Candy is Dandy Part 3
What we do, it’s a labor of love.
Akin to raising children, gardening, and doing laundry.
Making our favorite candies at home may seem laborious or even insane, but the end result definitely screams “LOVE.” (Either that or “GO TO THE GYM” but we prefer the love…)
We saved the best for last. We also saved the most labor intensive candy for last. Please try it for yourself. It will definitely be worth all your effort.
In order to stay non-commercial, we won’t disclose the official name of these shortbread, caramel-covered candies. Let’s just say they rhyme with “Shwix.”
We hope you have tried making some or all of the candies we have given over the last few weeks. If not, we hope you put them in a “To-Do” list somewhere. We hope you have a blessed Easter enjoying the love of family and friends.
Ciao for now,
V & K
Homemade Shortbread, Caramel-Covered Candy a.k.a “Shwix”
For the Shortbread:
- 1 cup unsalted butter, room temperature
- 3/4 cup powdered sugar
- 1 egg
- 1 teaspoon vanilla
- 2 1/4 cups all purpose flour
- 1/2 teaspoon salt
- 1/4 cup milk
For the Caramel:
- 17 oz caramels (you can make your own, but it is very labor intensive and sometimes laziness wins)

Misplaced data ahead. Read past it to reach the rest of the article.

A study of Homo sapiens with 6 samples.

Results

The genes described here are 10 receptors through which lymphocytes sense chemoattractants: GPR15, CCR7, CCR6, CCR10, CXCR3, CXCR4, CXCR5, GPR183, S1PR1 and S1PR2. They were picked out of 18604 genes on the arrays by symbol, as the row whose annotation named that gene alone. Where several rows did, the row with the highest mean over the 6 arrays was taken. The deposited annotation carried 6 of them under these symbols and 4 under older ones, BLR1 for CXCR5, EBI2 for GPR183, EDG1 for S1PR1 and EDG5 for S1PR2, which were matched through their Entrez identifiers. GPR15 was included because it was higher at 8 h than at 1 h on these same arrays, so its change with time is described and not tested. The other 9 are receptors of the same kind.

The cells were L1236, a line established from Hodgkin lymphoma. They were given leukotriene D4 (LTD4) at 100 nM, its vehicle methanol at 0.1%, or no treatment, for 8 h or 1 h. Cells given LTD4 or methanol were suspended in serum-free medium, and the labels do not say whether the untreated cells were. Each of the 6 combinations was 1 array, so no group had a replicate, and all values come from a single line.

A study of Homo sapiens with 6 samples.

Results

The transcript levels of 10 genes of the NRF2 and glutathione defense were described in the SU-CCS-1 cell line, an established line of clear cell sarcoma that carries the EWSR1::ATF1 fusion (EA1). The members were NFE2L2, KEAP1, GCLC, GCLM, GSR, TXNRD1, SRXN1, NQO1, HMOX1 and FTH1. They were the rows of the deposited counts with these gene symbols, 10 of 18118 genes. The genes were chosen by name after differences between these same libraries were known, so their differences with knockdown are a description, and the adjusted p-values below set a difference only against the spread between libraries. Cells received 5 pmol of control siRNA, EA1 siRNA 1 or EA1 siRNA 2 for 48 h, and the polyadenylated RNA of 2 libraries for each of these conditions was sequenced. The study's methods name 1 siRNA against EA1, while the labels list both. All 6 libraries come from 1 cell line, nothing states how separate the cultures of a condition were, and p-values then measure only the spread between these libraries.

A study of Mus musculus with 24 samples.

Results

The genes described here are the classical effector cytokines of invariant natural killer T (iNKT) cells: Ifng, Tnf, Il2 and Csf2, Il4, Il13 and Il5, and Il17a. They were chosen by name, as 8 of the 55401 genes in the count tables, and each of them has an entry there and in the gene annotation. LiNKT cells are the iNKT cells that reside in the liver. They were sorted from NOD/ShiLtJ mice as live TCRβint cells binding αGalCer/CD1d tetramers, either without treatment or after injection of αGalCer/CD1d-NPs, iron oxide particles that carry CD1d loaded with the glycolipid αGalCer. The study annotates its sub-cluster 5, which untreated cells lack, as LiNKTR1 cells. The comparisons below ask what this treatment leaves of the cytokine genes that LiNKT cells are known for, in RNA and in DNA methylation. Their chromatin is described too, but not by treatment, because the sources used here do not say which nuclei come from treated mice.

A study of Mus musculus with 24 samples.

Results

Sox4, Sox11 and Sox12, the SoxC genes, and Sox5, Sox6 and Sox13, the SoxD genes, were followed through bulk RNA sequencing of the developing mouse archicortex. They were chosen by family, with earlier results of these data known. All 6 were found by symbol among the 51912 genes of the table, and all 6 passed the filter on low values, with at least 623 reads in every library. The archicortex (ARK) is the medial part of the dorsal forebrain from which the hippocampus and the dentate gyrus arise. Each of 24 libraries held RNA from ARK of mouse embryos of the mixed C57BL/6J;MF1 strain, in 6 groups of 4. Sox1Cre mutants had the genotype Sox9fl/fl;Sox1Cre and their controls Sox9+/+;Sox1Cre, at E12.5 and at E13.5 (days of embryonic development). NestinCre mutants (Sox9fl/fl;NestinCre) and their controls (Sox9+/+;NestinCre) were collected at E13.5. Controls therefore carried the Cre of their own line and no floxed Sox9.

- 2 tablespoons heavy cream
For the Chocolate Coating
- 12 ounces milk chocolate chips
Preheat the oven to 300º F. Grease a square 8 inch X 8 inch pan.
Cream the butter in a mixing bowl. Add in the salt, vanilla, and powdered sugar. Mix until well combined and fluffy. Slowly add in half the flour. Add in the milk. Add the rest of the flour and beat only until mixed. Evenly press the shortbread mixture into the pan. Bake for 25-30 minutes, or until it is slightly browned around the edges. Cool completely.
Melt the caramel bits and cream in a pan on the stove. Once melted, cool for 20 minutes off the heat in the pot. This will solidify the caramel a bit without making it rock hard. Pour over the shortbread and cool for 1 hour.
Once cooled, cut the bars into 12 pieces. Cut them in half down the middle, and then cut each half into six pieces. (We left ours in big pieces so we had the “King Size” candy.)
Melt the chocolate.
Coat the bars requires some prep work. Put a piece of wax or parchment paper underneath a cooling rack. Place each bar on the rack, cover the sides (except the bottom) with chocolate using a spoon or knife to make it even. We found that if you plop a dollop of chocolate on top and then push the chocolate down the sides (similar to frosting a cake) it makes it easier to cover all the sides without dribbling. Repeat the coating process for all the bars.
Put the bars in the fridge until the chocolate is set. Allow to come to room temperature before eating because the caramel gets rock hard.